Peoria County 4-H members look forward to the day they are old enough to become a Junior Superintendent at the 4-H Show. That volunteer role holds a special place of honor for a small group of teens each year. While their responsibilities looked very different for the 2020 Virtual 4-H Show, the Junior Superintendents played an integral part in the success of the show.
“With the switch to a virtual show, we expected turn out to be lower than normal,” explained Cathy Ludolph, Peoria 4-H program coordinator. “but our teen leaders were ready to help in new and creative ways to make the 4-H Show successful and meaningful to our members.”
Typically, Peoria County Junior Superintendents assist the adult Superintendents within a specific department and lend a helping hand throughout the fairgrounds. Sometimes that help is offered to 4-H staff or volunteers, and other times it is offered to 4-Hers and their family. Junior Superintendents become the superheroes of the 4-H Show...especially in the eyes of the younger 4-H members.
“Despite their own disappointment at not having the in-person 4-H fair experience,” Cathy continued, “my teens stepped up to the challenge by thinking outside the box and fulfilling their role as Jr. Superintendent and Federation teen leaders in other ways.”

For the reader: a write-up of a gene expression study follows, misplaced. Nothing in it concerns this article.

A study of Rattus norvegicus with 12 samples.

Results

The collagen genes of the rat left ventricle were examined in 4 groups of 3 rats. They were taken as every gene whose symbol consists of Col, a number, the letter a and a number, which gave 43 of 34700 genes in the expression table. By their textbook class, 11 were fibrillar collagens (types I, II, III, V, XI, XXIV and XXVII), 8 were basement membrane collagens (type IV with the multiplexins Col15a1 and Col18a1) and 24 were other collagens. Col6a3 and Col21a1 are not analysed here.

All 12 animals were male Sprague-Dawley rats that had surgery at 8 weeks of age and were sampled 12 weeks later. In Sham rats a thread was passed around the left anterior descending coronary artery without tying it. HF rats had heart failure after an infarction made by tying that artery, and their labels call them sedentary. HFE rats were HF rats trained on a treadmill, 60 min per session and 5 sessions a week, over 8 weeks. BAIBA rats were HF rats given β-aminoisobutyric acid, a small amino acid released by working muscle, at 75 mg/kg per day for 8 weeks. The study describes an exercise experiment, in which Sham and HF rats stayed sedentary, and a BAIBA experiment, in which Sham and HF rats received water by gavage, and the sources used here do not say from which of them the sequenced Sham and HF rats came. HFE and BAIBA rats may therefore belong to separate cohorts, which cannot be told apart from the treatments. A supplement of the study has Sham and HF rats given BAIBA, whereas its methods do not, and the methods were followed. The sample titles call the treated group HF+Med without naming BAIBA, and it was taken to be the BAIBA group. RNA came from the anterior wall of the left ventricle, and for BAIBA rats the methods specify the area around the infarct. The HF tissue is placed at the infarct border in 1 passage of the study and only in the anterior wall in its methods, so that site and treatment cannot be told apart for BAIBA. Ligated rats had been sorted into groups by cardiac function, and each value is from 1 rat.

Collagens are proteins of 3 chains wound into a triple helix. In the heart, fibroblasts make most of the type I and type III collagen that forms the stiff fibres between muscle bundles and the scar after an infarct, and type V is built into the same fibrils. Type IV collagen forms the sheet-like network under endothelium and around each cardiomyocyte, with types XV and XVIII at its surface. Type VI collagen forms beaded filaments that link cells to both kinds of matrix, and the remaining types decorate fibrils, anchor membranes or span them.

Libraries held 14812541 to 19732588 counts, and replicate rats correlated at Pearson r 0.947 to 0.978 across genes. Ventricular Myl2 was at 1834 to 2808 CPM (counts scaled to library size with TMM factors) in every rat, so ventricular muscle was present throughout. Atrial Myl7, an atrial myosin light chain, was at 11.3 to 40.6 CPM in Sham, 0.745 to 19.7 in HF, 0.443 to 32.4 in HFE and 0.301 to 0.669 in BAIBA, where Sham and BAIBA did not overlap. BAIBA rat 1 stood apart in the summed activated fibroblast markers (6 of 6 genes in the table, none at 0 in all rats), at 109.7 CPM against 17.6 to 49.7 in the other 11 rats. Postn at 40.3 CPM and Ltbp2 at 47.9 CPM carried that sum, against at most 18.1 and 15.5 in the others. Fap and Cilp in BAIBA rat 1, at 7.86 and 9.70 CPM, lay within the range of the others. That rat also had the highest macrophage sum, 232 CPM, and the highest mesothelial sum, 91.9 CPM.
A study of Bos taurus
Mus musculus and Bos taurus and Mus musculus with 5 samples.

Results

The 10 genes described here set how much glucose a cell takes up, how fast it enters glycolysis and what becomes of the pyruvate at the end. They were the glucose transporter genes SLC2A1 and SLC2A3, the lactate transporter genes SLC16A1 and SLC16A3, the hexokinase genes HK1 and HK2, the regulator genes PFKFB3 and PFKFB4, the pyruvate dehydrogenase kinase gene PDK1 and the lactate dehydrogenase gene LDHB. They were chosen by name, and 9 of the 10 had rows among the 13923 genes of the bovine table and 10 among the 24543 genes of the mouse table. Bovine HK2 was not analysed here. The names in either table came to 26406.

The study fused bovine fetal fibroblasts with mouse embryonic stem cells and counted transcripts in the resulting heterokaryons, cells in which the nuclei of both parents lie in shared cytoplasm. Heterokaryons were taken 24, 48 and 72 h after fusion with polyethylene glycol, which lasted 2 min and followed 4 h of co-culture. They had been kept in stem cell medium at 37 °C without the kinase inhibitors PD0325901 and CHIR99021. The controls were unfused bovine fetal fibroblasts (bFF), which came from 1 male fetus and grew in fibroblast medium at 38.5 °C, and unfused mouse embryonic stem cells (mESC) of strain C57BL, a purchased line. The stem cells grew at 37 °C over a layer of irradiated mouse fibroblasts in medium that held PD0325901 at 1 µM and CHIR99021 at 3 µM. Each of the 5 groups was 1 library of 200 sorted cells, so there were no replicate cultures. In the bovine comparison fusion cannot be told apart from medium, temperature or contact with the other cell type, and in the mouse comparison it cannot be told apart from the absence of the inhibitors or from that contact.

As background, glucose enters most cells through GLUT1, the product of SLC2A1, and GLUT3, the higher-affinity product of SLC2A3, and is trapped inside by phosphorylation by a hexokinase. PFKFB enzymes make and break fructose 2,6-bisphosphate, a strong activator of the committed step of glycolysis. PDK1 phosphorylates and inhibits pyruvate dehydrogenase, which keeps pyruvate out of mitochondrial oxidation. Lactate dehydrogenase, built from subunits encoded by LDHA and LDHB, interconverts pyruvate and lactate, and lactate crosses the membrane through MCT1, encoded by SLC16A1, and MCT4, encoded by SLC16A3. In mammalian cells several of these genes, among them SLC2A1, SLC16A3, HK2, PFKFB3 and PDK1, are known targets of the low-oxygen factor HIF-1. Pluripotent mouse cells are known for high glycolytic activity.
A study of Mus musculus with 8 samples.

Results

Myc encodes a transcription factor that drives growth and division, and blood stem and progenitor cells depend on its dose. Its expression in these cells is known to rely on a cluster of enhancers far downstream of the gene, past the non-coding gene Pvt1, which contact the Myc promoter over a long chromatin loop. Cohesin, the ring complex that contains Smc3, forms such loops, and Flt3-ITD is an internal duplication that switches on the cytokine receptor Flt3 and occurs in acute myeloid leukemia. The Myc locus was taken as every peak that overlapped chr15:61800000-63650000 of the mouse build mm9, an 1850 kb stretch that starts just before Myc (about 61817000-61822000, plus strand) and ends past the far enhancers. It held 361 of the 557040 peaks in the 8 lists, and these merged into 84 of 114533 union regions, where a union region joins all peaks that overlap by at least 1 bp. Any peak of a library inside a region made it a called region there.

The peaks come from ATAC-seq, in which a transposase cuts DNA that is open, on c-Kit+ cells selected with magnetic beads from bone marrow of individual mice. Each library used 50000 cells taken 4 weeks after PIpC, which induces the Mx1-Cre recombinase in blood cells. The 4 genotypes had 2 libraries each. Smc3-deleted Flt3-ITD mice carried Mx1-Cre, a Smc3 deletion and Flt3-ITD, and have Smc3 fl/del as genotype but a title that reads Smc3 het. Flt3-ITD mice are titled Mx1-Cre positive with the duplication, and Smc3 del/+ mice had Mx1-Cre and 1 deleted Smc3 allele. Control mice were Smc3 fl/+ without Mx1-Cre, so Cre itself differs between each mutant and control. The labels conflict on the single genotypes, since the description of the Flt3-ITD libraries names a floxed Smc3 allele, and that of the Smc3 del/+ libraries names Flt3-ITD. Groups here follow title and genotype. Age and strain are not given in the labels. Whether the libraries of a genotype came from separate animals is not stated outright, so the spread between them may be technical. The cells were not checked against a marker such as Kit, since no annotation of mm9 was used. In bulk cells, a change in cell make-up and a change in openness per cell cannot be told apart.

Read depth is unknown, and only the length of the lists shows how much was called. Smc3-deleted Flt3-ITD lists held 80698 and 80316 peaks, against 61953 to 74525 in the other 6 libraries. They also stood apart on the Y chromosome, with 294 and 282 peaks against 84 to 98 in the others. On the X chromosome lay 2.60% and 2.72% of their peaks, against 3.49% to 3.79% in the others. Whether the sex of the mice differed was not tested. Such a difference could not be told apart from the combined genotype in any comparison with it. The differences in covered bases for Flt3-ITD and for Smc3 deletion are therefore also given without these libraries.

Jr. Superintendents and 4-H Federation members worked together to plan and create a fair project tour video. It featured the teens with projects they had completed and planned to exhibit virtually. The purpose of the video was to inspire other members to complete and exhibit their 4-H projects virtually. The video posted on the Peoria 4-H Facebook page had over 2,000 views with another 100 views on YouTube. It not only inspired other 4-H members but promoted 4-H to the public as well.
Additionally, the Jr. Superintendents personally contacted every 4-H family to offer encouragement and assistance with completing the online 4-H project exhibit process.
Their leadership efforts paid off. Peoria County had 95 youth exhibit a total of 431 projects, which is an average of 4.5 projects per youth. In the Fulton-Mason-Peoria-Tazewell Unit the average was 3.3 projects per exhibitor.
Federation president and Jr. Superintendent Sarah Stevens stated it was rewarding to know she had made a difference. Sarah received several reply emails from members and parents letting her know her personal contact was just the encouragement they or their child needed to complete their projects.
Realizing 4-H members would be missing the in-person 4-H Show experience, the teen leaders hosted an online 4-H Show Reunion. It included interactive activities and games to help 4-H members connect with each other and replace the social aspect that was missing from the online virtual 4-H show.
“Providing leadership while adapting to changes that are out of our control is an important life skill the teen 4-H members gained through this unusual 4-H fair experience,” concluded Cathy.
Youth ages 5 to 18 are invited to get involved in 4-H. They can join clubs, attend workshops, become a member of a special interest club, or become a teen teacher. There is something for every interest and schedule. Visit extension.illinois.edu/fmpt to learn more.